Two major issues currently confront the people of Ryde: the proposed large-scale housing developments on the outskirts of the town, and the interchange development proposed at the bottom of Union Street, the pier and part of the Esplanade.

The housing developments at Westridge Farm and Pennyfeathers pose immediate environmental concerns. Many residents have experienced the consequences of inadequate drainage systems being unable to cope with large amounts of surface water.

To assume that such deluges experienced on July 25 and August 2 are once-in-a-lifetime events goes against scientific and meteorological understanding of shifting weather patterns. So called ‘freak storms’ are predicted to occur with increasing frequency.

Until drainage systems are in place that can cope with the huge amounts of water generated by the storms, a moratorium is needed on all future large-scale building projects.

Before permitting further development, the IW Council and Southern Water should ensure that infrastructure is fit-for-purpose and can protect existing properties.

The proposed interchange development is also of major concern. The rationale underpinning the scheme with reference to the road layout and vehicular access to the pier at the bottom of Union Street is questionable.

Since the removal of the vehicle access entry tollgate, traffic is able to get onto the pier without hindrance. Therefore, the notion that a mini-flyover is needed to access the pier in order to avoid blocking traffic flow is without validity.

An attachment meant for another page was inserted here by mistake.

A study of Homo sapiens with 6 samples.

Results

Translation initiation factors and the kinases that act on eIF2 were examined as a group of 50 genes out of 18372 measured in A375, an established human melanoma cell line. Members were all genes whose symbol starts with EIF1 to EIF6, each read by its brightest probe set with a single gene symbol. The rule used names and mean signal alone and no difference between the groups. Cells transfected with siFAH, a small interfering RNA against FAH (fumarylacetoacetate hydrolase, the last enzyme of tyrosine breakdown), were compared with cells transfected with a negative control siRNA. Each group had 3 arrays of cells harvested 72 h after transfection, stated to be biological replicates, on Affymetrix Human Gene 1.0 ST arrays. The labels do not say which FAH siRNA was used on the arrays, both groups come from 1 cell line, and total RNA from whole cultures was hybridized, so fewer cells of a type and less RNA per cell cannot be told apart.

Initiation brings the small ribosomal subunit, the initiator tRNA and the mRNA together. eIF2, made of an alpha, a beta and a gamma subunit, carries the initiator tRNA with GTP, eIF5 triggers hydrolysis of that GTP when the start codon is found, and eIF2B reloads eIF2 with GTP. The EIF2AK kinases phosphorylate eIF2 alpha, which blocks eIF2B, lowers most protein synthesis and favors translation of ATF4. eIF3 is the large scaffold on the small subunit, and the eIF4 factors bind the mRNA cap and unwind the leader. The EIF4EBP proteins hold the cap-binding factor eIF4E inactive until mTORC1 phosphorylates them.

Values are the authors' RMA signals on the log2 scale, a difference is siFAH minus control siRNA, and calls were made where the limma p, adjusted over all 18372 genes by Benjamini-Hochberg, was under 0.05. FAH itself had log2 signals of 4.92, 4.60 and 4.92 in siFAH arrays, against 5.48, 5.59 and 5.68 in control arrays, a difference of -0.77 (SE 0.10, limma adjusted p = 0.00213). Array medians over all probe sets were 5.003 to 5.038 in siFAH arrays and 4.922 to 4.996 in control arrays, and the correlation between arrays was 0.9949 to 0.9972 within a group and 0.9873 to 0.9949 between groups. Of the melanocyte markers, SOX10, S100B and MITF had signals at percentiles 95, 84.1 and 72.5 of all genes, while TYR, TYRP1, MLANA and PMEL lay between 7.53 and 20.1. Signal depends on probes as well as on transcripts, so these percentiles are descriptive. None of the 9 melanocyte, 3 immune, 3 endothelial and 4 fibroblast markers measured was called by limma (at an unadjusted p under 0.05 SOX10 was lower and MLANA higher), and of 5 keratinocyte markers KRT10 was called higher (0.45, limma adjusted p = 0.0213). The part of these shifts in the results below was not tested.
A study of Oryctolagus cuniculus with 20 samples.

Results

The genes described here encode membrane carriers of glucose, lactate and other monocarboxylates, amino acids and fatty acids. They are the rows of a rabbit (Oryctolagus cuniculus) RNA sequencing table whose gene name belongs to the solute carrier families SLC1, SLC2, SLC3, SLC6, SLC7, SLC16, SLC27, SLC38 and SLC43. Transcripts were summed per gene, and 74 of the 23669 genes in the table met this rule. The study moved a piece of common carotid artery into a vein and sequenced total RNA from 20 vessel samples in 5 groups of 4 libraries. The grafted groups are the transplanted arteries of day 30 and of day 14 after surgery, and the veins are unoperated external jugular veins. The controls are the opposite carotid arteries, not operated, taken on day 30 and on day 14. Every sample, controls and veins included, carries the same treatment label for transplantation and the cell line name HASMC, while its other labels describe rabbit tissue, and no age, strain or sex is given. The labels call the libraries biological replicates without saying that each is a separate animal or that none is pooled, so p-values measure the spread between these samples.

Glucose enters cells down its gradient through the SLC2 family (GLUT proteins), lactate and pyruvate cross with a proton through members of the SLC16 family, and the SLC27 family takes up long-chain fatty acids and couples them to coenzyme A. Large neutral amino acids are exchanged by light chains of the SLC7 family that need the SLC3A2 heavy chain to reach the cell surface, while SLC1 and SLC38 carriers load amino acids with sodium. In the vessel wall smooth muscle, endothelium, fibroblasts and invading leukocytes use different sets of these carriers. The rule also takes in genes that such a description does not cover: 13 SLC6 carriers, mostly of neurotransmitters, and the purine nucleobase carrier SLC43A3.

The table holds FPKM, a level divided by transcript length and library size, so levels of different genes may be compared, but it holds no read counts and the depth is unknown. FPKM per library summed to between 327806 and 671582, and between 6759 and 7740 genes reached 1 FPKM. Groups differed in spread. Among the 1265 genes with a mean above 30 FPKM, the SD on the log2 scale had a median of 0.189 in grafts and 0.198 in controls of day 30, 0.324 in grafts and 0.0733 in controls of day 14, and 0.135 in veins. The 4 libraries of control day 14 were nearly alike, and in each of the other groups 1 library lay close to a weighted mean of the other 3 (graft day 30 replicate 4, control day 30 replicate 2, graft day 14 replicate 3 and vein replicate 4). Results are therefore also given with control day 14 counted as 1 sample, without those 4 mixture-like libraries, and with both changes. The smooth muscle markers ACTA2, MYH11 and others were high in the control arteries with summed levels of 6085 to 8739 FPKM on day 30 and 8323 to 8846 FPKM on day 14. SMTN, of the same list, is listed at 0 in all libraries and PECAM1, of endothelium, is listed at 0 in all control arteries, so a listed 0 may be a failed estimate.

It needs to be remembered that traffic using the pier is already Island traffic: Ryde is not a gateway for vehicles coming onto the Island.

For foot passengers arriving at Ryde, there is a comfortable synergy between the catamaran, the hover and the bus, rail and taxi services, which are all easily accessible.

Ryde Town Council should be ashamed it even considers closure of the public conveniences in this locality. These are the most used in Ryde.

The open air café nearby is a much-valued amenity. In the current Covid-19 dominated world such meeting places are priceless assets. We can ill-afford to concrete over any in-town green spaces.

There can be no argument regarding the need to smarten up the pier and make more use of what could be a prime leisure asset. During lockdown a stroll up the pier became a popular exercise.

In conclusion, the suggestion from a Ryde town and IW councillor that we should agree to a proposal which unnecessarily blights Ryde seafront, otherwise grant-funding will be lost, is quite frankly beyond belief.

Just who is this councillor representing? It is certainly not our Ryde!